To calculate the ratio, summarize cash flow for the period, subtract any dividends paid, and then divide the result by the combined incremental increase in both fixed assets and working capital. When determining the incremental increase in fixed assets, be sure to factor out the net impact of any fixed asset sales during the period—otherwise, the incremental increase in assets due to the acquisition of assets will appear to be deflated. An alternative calculation is to eliminate changes in working capital from the numerator, which allows one to focus on the key investments being made in a company’s plant and equipment.

The formula is:

Increase in fixed assets + Increase in working capital
————————————————————————————–
Net income + Non cash expenses – Non cash sales – Dividends

 

Cash Reinvestment Ratio Calculation Example

An investor wants to determine the amount of cash flow reinvestment for a target company. It is in a growth industry, and a high rate of reinvestment is expected. The ratio is:

Increase in fixed assets + Increase in working capital
——————————————————————————————– =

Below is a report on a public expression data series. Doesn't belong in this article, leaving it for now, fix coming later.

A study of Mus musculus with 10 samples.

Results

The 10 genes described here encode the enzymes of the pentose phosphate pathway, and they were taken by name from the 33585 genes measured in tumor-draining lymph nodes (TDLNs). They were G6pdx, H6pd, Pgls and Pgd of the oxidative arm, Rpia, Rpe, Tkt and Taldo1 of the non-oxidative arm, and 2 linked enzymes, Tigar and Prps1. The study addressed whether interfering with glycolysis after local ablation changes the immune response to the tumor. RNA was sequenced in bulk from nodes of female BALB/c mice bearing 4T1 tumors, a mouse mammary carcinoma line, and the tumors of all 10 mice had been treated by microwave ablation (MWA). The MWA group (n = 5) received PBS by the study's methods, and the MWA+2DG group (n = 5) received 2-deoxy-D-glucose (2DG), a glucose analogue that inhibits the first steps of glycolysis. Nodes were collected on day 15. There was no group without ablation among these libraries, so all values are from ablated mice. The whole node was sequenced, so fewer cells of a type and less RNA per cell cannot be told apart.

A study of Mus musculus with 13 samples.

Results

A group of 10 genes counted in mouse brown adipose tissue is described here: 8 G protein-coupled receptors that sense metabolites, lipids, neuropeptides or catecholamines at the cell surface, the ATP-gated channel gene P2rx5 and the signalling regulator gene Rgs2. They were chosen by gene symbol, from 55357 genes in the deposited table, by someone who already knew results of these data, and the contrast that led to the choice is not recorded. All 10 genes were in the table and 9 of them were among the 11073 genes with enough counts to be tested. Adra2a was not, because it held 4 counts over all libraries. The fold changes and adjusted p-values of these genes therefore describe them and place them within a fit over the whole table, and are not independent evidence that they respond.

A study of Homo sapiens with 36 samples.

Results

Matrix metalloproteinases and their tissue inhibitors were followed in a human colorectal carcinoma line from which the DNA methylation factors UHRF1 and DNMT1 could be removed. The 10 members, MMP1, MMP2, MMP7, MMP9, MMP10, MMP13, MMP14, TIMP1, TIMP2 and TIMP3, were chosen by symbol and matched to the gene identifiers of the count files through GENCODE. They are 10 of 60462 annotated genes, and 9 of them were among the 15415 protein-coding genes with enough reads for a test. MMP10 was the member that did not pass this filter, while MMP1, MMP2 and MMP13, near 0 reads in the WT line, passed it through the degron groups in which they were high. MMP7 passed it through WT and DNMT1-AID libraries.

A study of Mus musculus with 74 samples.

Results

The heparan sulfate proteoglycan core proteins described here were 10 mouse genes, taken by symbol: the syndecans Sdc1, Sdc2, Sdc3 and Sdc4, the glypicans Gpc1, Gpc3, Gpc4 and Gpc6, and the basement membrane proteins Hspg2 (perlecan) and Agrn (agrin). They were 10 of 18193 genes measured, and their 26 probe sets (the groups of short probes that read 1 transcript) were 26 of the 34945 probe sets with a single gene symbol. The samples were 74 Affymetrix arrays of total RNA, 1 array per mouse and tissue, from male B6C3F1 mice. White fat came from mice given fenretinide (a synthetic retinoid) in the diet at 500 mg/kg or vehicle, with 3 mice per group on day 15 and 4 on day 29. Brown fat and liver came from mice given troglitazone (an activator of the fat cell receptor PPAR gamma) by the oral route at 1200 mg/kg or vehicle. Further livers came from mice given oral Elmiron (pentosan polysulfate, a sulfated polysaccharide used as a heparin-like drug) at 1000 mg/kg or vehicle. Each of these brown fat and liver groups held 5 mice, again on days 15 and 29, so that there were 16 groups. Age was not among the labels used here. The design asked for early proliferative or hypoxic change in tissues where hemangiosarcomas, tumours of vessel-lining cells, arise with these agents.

Net income + Non cash expenses – Noncash sales – Dividends

$250,000 + $450,000
————————————————————–
$1,200,000 + $125,000 – $28,000 – $50,000

$700,000
————— = 56%
$1,247,000

 

From the investor’s perspective, the target company does not appear to be investing a sufficient quantity of its cash flow back into the business; in a high growth situation, a company should not only be reinvesting 100% of its cash flow, but also scrambling to line up additional funding for yet more reinvestment. The investor should closely question the management team regarding their perceived slow rate of internal asset growth.

As noted in the description, Cash Reinvestment Ratio can be an indicator of a continuing commitment to a business or mismanagement that requires the continual addition of assets to stay in business. To see if the underlying issue is related to mismanagement, calculate the ratio of fixed assets to revenue, and see how this correlates to the same ratio for other businesses in the same industry. The ratio of working capital to sales can be used in the same fashion. If these ratios indicate unusually high proportions of assets or working capital within the business, then there is either some mismanagement of assets or the company’s operational structure is so different from other businesses that their results are not comparable.